Q: Each night the local UPS hub sends several departures towards Anchorage, from where they make the hop into Asia. Anchorage sits to the north and yet, almost without fail, the vast majority of these planes take off heading south. Is there a reason why a plane would take off in the opposite direction of its destination?
Planes rarely take off in the direction of their destination unless by chance. The runway it uses depends on any number of things — the ceiling and visibility, the direction and speed of the wind, the length of pavement, off-airport obstructions, and whether any noise restrictions apply. The latter is important in your case, since freighters tend to be back-of-the-clock operators.
After liftoff, the published departure routes may take a plane in a circuitous pattern before finally delivering it in the general direction of its destination. For example, here at Boston, a plane bound for California may climb east over the harbor, then swing to the north, up over southern New Hampshire before proceeding westward. Just last evening I caught sight of a Virgin Atlantic jet, flight planned to London, lumbering due west for several miles before executing a lazy arc toward the northeast.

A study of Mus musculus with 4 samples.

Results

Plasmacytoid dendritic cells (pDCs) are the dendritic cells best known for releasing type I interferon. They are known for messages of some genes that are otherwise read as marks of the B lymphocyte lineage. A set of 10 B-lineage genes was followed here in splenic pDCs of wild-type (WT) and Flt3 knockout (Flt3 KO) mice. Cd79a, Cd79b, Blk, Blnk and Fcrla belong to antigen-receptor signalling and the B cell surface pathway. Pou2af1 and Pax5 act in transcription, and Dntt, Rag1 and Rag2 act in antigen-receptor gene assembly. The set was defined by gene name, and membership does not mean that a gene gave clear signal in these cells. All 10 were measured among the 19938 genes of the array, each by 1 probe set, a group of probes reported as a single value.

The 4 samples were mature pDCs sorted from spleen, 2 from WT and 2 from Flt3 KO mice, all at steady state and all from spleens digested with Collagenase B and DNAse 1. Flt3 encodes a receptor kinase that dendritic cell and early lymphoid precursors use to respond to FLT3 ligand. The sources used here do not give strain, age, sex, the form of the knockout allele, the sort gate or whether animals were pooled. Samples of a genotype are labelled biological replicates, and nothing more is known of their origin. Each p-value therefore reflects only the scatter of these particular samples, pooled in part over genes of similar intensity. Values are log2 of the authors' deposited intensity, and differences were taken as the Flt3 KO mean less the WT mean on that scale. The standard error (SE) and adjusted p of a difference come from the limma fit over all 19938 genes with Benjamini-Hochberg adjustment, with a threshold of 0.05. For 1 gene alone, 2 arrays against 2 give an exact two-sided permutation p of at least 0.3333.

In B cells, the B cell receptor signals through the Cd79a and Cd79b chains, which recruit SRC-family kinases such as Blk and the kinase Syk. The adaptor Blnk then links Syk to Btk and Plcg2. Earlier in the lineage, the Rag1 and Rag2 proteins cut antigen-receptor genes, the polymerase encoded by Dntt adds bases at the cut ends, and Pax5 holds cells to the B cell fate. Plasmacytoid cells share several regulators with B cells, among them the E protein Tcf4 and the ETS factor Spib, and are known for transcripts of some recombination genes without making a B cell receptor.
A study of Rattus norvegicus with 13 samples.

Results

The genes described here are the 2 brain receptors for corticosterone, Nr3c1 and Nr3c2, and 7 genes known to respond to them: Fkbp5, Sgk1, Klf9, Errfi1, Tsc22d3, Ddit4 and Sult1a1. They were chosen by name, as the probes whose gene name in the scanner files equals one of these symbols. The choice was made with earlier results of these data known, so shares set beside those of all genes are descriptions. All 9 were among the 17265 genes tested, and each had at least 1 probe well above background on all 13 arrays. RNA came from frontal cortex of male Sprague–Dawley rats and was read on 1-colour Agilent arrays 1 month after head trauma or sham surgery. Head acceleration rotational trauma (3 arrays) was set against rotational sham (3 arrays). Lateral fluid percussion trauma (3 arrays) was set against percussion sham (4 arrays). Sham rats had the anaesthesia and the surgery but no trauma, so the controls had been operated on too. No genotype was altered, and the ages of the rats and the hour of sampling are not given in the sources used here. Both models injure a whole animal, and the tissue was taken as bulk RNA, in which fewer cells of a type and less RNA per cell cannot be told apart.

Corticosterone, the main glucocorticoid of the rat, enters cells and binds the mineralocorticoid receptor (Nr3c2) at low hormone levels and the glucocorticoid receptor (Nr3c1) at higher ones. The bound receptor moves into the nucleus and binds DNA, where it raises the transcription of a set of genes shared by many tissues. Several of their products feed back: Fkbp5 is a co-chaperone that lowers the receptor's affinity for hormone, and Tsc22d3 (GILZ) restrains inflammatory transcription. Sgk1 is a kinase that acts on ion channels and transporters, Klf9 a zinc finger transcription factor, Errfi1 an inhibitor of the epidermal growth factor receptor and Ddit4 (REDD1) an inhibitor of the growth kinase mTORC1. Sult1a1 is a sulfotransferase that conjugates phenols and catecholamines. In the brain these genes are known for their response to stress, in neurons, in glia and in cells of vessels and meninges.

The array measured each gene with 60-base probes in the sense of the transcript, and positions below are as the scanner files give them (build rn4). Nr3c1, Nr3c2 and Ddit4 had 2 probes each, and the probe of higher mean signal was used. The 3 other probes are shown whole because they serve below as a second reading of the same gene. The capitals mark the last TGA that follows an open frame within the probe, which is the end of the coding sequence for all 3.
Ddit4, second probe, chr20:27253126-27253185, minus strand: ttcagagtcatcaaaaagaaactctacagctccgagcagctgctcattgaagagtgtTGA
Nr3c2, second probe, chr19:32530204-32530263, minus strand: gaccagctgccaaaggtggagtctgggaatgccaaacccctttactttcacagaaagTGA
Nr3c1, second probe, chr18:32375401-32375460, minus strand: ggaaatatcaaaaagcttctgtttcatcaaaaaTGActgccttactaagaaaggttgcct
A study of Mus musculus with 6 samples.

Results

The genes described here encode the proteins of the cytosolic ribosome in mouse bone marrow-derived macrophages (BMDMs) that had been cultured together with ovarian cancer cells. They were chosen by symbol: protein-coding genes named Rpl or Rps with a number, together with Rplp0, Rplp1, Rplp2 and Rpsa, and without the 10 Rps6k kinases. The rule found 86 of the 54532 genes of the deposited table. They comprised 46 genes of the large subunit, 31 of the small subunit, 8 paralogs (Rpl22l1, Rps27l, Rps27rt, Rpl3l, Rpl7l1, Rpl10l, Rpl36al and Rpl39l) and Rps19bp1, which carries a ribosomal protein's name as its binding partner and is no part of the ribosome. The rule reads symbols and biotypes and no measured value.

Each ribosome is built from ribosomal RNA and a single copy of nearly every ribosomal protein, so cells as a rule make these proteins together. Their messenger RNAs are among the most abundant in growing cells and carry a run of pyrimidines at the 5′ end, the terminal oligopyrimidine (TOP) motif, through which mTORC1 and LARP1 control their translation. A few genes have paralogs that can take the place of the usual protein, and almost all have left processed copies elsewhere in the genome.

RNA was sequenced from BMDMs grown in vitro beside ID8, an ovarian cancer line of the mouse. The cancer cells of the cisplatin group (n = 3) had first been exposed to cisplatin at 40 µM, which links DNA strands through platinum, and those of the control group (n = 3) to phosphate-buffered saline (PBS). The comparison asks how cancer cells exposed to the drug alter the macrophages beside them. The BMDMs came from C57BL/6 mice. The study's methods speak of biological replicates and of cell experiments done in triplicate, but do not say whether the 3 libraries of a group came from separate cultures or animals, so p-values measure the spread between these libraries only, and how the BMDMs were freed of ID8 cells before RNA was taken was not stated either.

Arriving aircraft will be subject to similar course reversals and spirals before landing.
This article is part of a collection that originally appeared on Salon.com. Patrick Smith, 38, is an erstwhile airline pilot, retired punk rocker and air travel columnist. His book, Ask the Pilot (Riverhead) was voted “Best Travel Book of 2004” by Amazon.com. Patrick has traveled to more than 55 countries and always asks for a window seat. He lives near Boston.